Item description for The Eighth Day of the Week by Alfred Kessler...
Part mystery, part drama, part love story, but mostly this is a novel about obsessive guilt and regret gnawing at the heart of a prominent doctor, a novel whose tale unfolds to reveal such an immense depth of passion and fear that one turns the pages with tremendous anticipation and tension.
Publisher Pleasure Boat Studio
ISBN 1929355009 ISBN13 9781929355006
Reviews - What do customers think about The Eighth Day of the Week?
A captivating mystery Jan 23, 2001
This book is really a captivating mystery disguised as an artful novel. The main character, a doctor, has a mystery (or really, several), hidden in his past. As his story unfolds, we are riveted by the plot -- what is in his past? How did the action happen? I would call this book a "reverse mystery" -- the events happened in the past and are only now being revealed by the main player.
The very fine writing makes unravelling this mystery a pleasure. I had to read the book all in one sitting because I couldn't wait to find out what had happened. I would recommend this most highly to anyone interested in an artfully told story.
EIGHTH DAY WORTH THE WAIT Nov 16, 2000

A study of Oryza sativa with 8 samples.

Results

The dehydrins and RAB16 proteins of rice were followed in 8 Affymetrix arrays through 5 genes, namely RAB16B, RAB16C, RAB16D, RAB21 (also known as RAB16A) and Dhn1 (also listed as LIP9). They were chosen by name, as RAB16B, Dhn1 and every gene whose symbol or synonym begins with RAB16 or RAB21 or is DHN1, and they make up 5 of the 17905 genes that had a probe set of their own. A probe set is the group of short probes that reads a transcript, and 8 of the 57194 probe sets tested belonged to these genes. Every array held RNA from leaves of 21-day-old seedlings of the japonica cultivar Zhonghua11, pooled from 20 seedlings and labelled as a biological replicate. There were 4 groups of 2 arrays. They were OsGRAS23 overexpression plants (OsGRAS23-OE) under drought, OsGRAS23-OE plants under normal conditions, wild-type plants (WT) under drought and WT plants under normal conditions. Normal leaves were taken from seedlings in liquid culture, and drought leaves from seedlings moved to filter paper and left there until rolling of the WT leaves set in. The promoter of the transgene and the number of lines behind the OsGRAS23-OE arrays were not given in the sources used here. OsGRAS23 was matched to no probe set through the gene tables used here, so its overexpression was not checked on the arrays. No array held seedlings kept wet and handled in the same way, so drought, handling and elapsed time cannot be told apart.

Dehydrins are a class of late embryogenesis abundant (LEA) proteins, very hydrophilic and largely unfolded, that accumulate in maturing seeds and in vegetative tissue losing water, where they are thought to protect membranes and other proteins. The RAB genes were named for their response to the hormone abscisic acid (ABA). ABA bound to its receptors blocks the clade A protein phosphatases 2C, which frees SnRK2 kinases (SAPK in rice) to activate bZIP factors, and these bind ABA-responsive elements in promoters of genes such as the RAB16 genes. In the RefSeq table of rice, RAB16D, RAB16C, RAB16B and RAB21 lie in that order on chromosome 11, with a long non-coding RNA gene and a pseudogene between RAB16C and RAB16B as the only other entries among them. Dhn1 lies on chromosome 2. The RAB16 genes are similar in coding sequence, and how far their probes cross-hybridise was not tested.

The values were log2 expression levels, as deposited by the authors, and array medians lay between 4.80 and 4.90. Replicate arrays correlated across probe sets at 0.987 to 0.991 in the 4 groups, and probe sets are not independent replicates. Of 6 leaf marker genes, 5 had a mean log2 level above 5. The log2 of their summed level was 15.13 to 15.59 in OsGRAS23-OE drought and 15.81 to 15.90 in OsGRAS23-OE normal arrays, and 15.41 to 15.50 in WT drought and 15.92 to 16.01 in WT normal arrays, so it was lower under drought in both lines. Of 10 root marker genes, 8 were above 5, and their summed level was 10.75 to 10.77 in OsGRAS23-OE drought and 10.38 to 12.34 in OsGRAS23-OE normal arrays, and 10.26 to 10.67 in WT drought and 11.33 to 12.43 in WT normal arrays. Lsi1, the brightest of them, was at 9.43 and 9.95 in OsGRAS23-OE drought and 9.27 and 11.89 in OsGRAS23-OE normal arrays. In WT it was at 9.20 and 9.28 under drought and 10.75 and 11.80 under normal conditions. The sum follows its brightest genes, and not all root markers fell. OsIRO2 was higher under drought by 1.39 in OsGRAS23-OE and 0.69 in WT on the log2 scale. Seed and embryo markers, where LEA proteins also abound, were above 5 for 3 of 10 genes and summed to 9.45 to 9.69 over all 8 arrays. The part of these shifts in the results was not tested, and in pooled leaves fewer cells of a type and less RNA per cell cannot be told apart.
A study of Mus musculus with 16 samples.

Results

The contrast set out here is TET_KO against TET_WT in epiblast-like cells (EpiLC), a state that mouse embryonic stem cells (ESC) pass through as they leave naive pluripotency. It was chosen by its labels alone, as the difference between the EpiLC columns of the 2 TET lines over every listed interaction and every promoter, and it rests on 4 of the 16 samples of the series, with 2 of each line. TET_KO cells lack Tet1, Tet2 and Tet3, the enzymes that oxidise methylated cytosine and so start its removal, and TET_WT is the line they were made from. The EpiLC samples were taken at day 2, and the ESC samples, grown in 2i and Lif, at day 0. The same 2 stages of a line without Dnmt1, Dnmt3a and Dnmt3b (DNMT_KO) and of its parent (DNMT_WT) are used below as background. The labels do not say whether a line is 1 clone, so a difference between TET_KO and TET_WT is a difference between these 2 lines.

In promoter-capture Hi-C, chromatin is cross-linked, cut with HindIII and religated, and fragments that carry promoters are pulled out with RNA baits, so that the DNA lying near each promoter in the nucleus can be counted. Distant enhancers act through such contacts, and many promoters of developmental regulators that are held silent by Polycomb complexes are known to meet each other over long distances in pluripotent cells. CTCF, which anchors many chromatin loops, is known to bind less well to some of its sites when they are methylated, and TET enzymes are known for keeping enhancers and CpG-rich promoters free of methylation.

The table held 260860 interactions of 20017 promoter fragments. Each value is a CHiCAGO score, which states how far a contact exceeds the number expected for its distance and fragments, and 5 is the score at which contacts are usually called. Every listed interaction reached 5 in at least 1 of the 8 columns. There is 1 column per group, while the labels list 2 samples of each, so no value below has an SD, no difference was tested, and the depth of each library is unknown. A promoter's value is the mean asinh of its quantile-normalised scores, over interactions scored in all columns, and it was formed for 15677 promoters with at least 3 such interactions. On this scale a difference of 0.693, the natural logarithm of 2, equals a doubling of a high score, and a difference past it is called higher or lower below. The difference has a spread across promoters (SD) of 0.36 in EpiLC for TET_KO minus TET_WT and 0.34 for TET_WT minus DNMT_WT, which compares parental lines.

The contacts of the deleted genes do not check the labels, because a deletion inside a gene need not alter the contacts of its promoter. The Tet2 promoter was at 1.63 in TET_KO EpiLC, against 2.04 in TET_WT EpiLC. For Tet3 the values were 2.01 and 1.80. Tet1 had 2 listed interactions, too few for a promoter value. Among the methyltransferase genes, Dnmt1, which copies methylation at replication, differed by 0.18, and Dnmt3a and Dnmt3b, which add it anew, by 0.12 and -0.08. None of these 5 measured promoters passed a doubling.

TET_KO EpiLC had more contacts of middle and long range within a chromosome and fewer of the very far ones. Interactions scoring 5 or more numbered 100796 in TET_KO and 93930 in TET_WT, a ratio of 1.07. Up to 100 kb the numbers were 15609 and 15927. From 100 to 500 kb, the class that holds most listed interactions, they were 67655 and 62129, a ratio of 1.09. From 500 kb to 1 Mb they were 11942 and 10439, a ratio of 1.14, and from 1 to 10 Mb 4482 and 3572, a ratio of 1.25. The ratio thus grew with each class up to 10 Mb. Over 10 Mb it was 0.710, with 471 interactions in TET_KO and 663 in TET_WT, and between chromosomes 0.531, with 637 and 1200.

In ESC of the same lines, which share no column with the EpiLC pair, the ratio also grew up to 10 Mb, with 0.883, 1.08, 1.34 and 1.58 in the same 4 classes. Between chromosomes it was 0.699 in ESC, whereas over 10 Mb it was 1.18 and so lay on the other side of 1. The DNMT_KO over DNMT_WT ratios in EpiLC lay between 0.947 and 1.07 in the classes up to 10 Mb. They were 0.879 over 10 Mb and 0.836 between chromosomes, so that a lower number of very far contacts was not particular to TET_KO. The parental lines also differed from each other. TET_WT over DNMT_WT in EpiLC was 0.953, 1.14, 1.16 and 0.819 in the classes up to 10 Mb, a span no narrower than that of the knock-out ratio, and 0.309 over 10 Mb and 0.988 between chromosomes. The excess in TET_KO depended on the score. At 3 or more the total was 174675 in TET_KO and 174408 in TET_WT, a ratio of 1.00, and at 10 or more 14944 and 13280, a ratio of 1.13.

THE EIGHTH DAY OF THE WEEK is an extraordinary first novel. Both my wife and I were mesmerized by its dark, barroom moodiness, its many poetic passages, and, of course, the mystery and intrique. The narrator, a doctor, tells his story, which we gradually realize is a confession,to a young woman in a bar. In a booth nearby, another woman watches and waits. We slowly gather clues about who this woman is, and what her relationship is to the younger woman who looks like her, or as she might have looked years ago. The story the doctor tells, in what has become a ritualized retelling, involves his wife, his troubled children, eventually his wife's lover, her child by him, and, as we slowly and painfully discover, an unimaginable, almost unpardonable sin. The air of mystery, and growing tension, between the story he tells and the barroom frame story in which the story/confession is told -- this is what kept us hooked from page one. In fact, it's almost impossible not to read the novel straight through. I recommend it to anyone who's interested in clear, expressive writing, and in the strange workings of memory, guilt, and loss -- and also love, how it weaves its delicate web to catch and hold us.